Royal Dutch Shell said Tuesday that a leak at one of its North Sea oil rigs has been reduced to 2 barrels – or 84 gallons – a day.
Glen Cayley, technical director of Shell’s European exploration and production activities, said the company “deeply regrets” the spill, Britain’s worst in a decade.
In an interview with the BBC, Cayley said an investigation is under way to determine the cause of the spill, which was first noticed Wednesday.
“We’ve got a very complex sub-sea infrastructure and the position of the leak is in an awkward place with a lot of marine growth,” he said.
“It’s taken our diving crews some time to establish exactly and precisely where that leak is coming from.”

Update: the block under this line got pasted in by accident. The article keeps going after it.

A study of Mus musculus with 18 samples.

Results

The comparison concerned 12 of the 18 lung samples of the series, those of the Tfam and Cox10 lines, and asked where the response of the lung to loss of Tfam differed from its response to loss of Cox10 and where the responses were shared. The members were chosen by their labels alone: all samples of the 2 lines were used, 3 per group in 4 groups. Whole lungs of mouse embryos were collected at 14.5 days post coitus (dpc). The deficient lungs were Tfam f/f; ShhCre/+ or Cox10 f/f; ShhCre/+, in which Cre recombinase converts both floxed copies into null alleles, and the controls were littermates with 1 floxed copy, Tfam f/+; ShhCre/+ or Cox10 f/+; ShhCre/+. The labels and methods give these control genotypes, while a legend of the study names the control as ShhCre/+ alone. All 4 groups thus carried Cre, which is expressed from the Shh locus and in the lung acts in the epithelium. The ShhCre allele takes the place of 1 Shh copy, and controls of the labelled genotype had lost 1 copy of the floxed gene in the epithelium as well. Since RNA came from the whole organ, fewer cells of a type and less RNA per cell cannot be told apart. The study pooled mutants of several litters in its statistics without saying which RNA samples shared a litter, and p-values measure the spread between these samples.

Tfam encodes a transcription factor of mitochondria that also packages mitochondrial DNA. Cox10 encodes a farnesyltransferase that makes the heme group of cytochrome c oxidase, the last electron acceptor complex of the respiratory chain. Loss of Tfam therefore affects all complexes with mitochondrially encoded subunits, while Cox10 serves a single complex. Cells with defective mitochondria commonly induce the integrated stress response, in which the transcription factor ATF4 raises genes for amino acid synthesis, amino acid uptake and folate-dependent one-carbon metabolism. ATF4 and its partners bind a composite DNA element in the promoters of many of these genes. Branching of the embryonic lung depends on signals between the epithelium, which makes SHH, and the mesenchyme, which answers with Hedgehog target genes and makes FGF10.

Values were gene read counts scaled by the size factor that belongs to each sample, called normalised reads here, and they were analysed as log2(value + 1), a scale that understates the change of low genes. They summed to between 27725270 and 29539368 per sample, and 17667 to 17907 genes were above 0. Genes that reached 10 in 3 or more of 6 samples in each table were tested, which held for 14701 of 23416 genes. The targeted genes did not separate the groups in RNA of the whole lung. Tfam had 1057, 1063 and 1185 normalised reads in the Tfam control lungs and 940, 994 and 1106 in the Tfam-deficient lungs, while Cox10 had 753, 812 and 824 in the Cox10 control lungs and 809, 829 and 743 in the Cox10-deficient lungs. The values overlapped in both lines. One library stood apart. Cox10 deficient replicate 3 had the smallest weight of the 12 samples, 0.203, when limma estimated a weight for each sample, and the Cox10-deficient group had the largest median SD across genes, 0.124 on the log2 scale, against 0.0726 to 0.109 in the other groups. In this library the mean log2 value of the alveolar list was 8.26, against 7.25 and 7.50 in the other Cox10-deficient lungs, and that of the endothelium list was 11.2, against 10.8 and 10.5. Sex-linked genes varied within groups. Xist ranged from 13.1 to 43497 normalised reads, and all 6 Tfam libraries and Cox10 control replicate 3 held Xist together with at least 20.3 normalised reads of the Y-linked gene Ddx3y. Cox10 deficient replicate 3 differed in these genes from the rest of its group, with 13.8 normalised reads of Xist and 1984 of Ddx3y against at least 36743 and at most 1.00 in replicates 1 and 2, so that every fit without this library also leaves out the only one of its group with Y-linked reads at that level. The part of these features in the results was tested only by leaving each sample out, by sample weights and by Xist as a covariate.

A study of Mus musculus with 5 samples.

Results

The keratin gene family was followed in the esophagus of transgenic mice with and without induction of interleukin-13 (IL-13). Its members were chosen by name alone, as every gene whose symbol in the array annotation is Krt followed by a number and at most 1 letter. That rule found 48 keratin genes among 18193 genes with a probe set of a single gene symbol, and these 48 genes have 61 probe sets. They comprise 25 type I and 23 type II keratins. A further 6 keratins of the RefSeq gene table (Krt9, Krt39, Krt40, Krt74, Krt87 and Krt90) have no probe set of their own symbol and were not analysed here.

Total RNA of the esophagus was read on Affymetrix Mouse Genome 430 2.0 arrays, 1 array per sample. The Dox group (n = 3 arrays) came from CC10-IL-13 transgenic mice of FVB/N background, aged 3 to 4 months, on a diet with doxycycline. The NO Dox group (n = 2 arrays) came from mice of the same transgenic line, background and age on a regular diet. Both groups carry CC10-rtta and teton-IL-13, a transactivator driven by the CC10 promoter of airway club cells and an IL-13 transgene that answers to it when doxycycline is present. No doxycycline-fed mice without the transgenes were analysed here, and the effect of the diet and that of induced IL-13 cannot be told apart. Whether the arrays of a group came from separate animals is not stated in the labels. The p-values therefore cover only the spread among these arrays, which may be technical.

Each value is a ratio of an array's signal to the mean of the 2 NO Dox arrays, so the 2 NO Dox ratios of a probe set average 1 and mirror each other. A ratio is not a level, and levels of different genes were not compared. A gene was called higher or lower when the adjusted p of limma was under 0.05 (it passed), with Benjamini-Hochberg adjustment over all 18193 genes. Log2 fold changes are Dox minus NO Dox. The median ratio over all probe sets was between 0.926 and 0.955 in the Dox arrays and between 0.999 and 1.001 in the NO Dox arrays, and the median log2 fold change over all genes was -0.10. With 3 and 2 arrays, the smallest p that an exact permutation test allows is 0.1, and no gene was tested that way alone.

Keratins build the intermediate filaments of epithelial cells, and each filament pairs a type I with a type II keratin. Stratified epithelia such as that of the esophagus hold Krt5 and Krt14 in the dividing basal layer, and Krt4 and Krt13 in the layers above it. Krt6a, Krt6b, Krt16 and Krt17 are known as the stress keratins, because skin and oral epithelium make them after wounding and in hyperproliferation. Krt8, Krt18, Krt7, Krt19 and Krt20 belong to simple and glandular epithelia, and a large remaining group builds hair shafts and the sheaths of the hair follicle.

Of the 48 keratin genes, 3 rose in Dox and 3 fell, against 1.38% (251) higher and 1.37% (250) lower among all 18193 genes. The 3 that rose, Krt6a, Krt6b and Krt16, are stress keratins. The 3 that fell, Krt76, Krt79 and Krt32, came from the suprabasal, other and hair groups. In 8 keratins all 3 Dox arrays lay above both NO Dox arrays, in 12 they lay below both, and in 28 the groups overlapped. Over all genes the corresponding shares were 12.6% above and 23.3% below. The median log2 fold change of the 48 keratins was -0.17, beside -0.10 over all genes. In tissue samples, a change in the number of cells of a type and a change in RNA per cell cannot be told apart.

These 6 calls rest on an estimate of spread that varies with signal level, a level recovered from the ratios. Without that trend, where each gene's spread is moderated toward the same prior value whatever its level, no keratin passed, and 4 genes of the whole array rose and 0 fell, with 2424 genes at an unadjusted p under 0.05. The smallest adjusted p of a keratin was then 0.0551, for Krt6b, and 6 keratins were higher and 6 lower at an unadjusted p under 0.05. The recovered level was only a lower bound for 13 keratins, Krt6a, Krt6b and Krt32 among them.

Cayley said Shell informed British government agencies of the spill straightaway, but did not make it public until Friday.
The company estimated Monday that 54,600 gallons of oil had spilled into the North Sea from the rig off Scotland’s eastern coast, and the leak was continuing at 5 barrels a day.
Cayley said that at its largest point the oil sheen, or oil on the surface of the water, covered an area 19 miles wide by 2.7 miles long (31 kilometers by 4.3 kilometers). He said most of it has now been dispersed by strong waves.
The Gannet Alpha oil rig, 112 miles (180 kilometers) east of the city of Aberdeen, is operated by Shell and co-owned by Shell and Esso, a subsidiary of the U.S. oil firm Exxon Mobil.
The British government said the leak was small compared with the BP spill in the Gulf of Mexico last year – which dumped 206 million gallons of oil into the Gulf – but said it was still substantial for the U.K.’s continental shelf. It backed up Shell’s predictions that the oil would disperse naturally.